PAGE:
The Paper of Record (full disclosure: I gladly subscribe) has put the saga of Charlie Beljan on A1 (below the fold) when there are just a few more things taking place in the world (I'd nominate this doozy for the front page, above the fold!)
Most amazing is the language used by authors Crouse and Pennington to describe Beljan's Friday panic attack: "One of the more frightening — and remarkable — rounds of golf ever caught on video," and, "Beljan fought bone-crushing fatigue and worry about his health to hang on for his first PGA Tour victory, a triumph over the most mental of games."
I'm guessing there are some Vietnam, Iraq and Afghanistan vets out there who can tell us about panic attacks induced by genuinely "frightening" horrors and real "bone crushing fatigue" from staying up for 30 hours straight dealing with the "most mental of games," better known as war.
Anyway, after spelling out the Beljan saga, the story turns to the issue of panic attacks. Ever the optimist, I thought maybe the A1 placement meant we would be exploring one of the following on A1 (well, on a Saturday following a non-news dump Friday):
- Anxiety medications in sports and their use, overuse, lack of use, etc...
- PGA Tour drug rules in a post-Lance Armstrong world and whether Beljan is unfairly deprived of necessary medication because of such rules
- Or, as one NY Times commenter noted, the rising cost of health care as evidenced by the sheer number of tests, visits and next round of tests that Beljan will be undergoing.
Instead, we get Jim McLean!
There is no relief for the struggling golfer on the course. Players cannot be removed from competition in the middle of a bad round or take a timeout to regain their composure. There are no coaches to offer comfort or teammates to help erase their mistakes.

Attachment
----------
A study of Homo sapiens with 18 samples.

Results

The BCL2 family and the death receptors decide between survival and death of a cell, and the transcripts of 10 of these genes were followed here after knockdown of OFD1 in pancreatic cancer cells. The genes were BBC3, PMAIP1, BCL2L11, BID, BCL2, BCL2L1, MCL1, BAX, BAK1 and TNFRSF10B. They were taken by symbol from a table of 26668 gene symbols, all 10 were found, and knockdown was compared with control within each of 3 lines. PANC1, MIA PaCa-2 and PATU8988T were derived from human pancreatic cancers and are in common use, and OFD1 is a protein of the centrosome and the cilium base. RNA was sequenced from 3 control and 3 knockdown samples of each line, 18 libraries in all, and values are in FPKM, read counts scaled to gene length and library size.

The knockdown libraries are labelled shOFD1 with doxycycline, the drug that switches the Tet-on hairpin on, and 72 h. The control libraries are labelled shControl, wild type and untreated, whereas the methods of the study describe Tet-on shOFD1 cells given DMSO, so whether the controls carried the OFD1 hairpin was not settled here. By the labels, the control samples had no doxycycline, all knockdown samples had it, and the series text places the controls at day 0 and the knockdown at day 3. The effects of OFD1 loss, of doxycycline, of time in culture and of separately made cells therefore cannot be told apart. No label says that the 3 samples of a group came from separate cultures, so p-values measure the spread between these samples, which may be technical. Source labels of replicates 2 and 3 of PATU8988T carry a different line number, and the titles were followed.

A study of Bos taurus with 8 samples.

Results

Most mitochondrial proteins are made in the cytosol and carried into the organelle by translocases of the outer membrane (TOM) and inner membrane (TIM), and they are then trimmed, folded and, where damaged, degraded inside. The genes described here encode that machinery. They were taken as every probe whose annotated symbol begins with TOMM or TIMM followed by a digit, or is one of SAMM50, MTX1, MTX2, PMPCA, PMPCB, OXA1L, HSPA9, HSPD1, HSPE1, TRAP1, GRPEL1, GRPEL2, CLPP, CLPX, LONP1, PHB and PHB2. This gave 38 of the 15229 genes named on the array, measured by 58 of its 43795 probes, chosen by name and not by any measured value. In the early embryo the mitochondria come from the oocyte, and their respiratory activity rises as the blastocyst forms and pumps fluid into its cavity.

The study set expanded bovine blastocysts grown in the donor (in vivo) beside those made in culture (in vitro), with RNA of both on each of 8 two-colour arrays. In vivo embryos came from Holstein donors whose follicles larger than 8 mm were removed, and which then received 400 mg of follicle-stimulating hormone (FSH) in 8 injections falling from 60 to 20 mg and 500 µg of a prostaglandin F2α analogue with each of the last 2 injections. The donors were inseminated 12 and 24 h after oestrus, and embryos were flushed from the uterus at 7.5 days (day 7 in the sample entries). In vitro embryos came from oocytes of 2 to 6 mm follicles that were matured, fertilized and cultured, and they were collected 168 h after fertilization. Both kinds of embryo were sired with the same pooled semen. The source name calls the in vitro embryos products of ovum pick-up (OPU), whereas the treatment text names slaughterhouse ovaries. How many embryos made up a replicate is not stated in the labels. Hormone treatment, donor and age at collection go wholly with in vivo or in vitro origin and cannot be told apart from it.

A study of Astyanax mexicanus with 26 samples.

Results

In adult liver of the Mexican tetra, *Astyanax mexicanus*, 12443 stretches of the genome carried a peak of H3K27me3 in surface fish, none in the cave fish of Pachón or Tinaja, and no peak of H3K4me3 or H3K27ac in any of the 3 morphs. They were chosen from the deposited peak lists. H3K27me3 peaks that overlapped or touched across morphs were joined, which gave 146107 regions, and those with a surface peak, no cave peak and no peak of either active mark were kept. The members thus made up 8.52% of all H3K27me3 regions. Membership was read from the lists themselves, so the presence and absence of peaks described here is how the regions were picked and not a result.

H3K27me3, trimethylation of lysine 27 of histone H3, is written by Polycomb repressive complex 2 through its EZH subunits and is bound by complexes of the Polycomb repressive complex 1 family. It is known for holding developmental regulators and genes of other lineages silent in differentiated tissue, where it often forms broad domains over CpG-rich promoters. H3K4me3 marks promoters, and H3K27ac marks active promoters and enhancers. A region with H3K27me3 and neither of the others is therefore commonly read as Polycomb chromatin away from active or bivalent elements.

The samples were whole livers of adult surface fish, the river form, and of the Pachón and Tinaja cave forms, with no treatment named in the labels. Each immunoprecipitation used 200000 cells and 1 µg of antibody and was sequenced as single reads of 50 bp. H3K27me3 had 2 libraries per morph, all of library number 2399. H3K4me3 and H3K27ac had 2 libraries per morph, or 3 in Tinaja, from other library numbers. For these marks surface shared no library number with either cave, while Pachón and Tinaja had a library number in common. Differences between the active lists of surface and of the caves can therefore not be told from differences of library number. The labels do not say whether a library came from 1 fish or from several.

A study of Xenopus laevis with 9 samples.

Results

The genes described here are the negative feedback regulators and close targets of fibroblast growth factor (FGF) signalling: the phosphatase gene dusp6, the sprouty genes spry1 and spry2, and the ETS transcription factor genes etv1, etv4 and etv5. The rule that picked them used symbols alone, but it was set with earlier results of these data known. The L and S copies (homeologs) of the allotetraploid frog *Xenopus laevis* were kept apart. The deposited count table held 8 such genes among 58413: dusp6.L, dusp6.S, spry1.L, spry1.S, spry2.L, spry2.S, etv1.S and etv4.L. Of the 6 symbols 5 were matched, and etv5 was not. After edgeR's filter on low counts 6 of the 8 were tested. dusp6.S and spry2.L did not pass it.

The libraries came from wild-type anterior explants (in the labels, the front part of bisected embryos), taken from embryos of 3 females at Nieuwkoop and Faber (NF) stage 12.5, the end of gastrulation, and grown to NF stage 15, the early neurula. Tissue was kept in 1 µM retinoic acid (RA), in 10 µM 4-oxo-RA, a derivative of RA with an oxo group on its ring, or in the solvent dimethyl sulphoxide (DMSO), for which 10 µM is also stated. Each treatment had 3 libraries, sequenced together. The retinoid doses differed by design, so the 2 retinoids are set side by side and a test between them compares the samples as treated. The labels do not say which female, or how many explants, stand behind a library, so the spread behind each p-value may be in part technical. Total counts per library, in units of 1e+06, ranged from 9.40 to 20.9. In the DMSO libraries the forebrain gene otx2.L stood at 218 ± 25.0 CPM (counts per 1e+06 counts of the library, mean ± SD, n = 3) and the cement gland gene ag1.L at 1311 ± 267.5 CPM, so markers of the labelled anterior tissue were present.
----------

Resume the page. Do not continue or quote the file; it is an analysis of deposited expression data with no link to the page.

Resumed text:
“The only comparable thing might be a heavyweight championship fight,” said Jim McLean, an instructor to various touring pros, including Bradley and the L.P.G.A. star Cristie Kerr. “The personal pressure is enormous.”
Yes, the pressure is enormous. In a first world way! How about some perspective!
The most thought provoking of many fine comments on the NY Times site came from a self-described physician named Steve:
As a physician I must admit I find the need for an overnight hospital stay mystifying. As he had already had a previous serious panic attack in August and presumably had an extensive work-up to rule out other health issues at that time, why did the physicians who saw him now see a reason for repeating it. And, also, why does he need another work-up at the Mayo Clinic. If Mr. Beljan felt the doctors who saw him at the unnamed hospitals in August and now were incompetent, why not name the hospitals so your readers are aware of which ones he held in low esteem.
If anyone wants to know why health care costs so much in the U.S., here's one of the major reasons: doctors doing unnecessary tests simply because they'll get paid for them, not because there is any medical indication.
By the way, I didn't notice any mention about whether he sought treatment after the initial panic attack was diagnosed. If he didn't, why not?
It's also interesting that although Dr. Lieberman mentions a number of medications for panic disorder, Mr. Beljan is going to see a psychologist who can't prescribe any of them.
Hey but there's great news in all of this. The new PGA Tour calendar year schedule means players will never have to go to Disney again to fight for the top 125 status. Next year they'll be letting algorithm writers handle the heavy load.